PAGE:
The Ricketts family, which is aiming to buy Chelsea, says it will meet fans to allay concerns about its potential ownership.
They are one of six groups who have made their bids for Chelsea public.
The bidders are all waiting to hear if they have made a shortlist.
Fans have criticised the Ricketts family’s ownership of the Chicago Cubs baseball franchise, as well as anti-Muslim comments made by the family’s patriarch Joe Ricketts in 2019.
Paul Canoville, Chelsea’s first black footballer, said on social media: “So I’ve seen and heard enough. I’m backing Chelsea Supporters’ Trust and saying a big fat anti-racism NO to the Ricketts bid.”
Brian Wolff, the head of Chelsea’s Chicago official supporters group and a Cubs fan, also urged those handling the sale to reject the Ricketts bid in favour of other options after he claimed it had been met with “universal disdain” by fans in the US and worldwide.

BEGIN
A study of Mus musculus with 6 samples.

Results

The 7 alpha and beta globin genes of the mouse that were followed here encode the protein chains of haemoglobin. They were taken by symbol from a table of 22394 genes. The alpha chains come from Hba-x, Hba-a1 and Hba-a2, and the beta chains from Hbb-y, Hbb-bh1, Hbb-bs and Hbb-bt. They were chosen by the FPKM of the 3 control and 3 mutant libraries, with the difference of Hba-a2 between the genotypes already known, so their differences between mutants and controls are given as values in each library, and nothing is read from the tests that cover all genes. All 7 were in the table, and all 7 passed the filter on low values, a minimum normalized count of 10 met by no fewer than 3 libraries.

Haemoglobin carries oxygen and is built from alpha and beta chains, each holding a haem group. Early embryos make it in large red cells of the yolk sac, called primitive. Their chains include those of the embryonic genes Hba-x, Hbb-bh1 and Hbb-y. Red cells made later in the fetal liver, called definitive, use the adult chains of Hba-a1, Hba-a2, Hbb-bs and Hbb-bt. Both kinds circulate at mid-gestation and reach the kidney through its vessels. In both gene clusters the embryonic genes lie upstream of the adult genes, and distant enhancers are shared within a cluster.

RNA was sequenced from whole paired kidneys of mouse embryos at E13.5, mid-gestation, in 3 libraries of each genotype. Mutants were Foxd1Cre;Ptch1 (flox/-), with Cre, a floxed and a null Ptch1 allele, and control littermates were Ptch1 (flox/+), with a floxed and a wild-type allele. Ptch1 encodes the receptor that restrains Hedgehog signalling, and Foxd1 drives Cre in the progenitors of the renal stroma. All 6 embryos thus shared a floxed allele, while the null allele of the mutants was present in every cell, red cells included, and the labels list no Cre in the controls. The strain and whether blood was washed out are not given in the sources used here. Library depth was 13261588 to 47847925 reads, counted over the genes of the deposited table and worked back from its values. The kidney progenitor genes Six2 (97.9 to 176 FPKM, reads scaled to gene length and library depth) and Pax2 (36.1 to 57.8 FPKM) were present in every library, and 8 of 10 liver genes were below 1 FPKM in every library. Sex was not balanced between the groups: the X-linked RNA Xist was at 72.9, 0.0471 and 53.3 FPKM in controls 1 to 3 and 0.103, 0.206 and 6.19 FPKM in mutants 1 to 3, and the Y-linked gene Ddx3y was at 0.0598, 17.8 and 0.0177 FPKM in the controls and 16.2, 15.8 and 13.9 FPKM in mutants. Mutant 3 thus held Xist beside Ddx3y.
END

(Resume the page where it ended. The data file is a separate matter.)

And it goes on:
He questioned the political allegiances of the family and said other bids would “commit to not only building upon the last two decades of investment in players and infrastructure but, equally important, the investment in supporters and the values which we hold dear.”
However, sources close to the Ricketts family said Joe Ricketts would have no role or involvement in the bid for Chelsea, which is being headed up by his children Tom, Todd and Laura, who – unlike her Republican family – is a Democrat.
The family took over at the Cubs in 2009 and led the team to a World Series win in 2016, their first in 108 years. The family also redeveloped the Cubs stadium, Wrigley Field, and the surrounding area, costing about £750m.
It is understood the family want to speak to the Chelsea Supporters’ Trust and Chelsea Pitch Owners, who hold the freehold to Stamford Bridge, and have already spoken with Chelsea and Fulham MP Greg Hands.
The CST is willing to meet any prospective owners and said on Monday it wants the government to “discount any bid which is unwilling to issue a golden share to fans”.
That would mean special veto rights to block key decisions such as Chelsea moving stadium, changing its club colours or its badge.
In a statement the CST added: “We will continue to reaffirm that any new owner must share the inclusive views of Chelsea football club and our diverse support base.”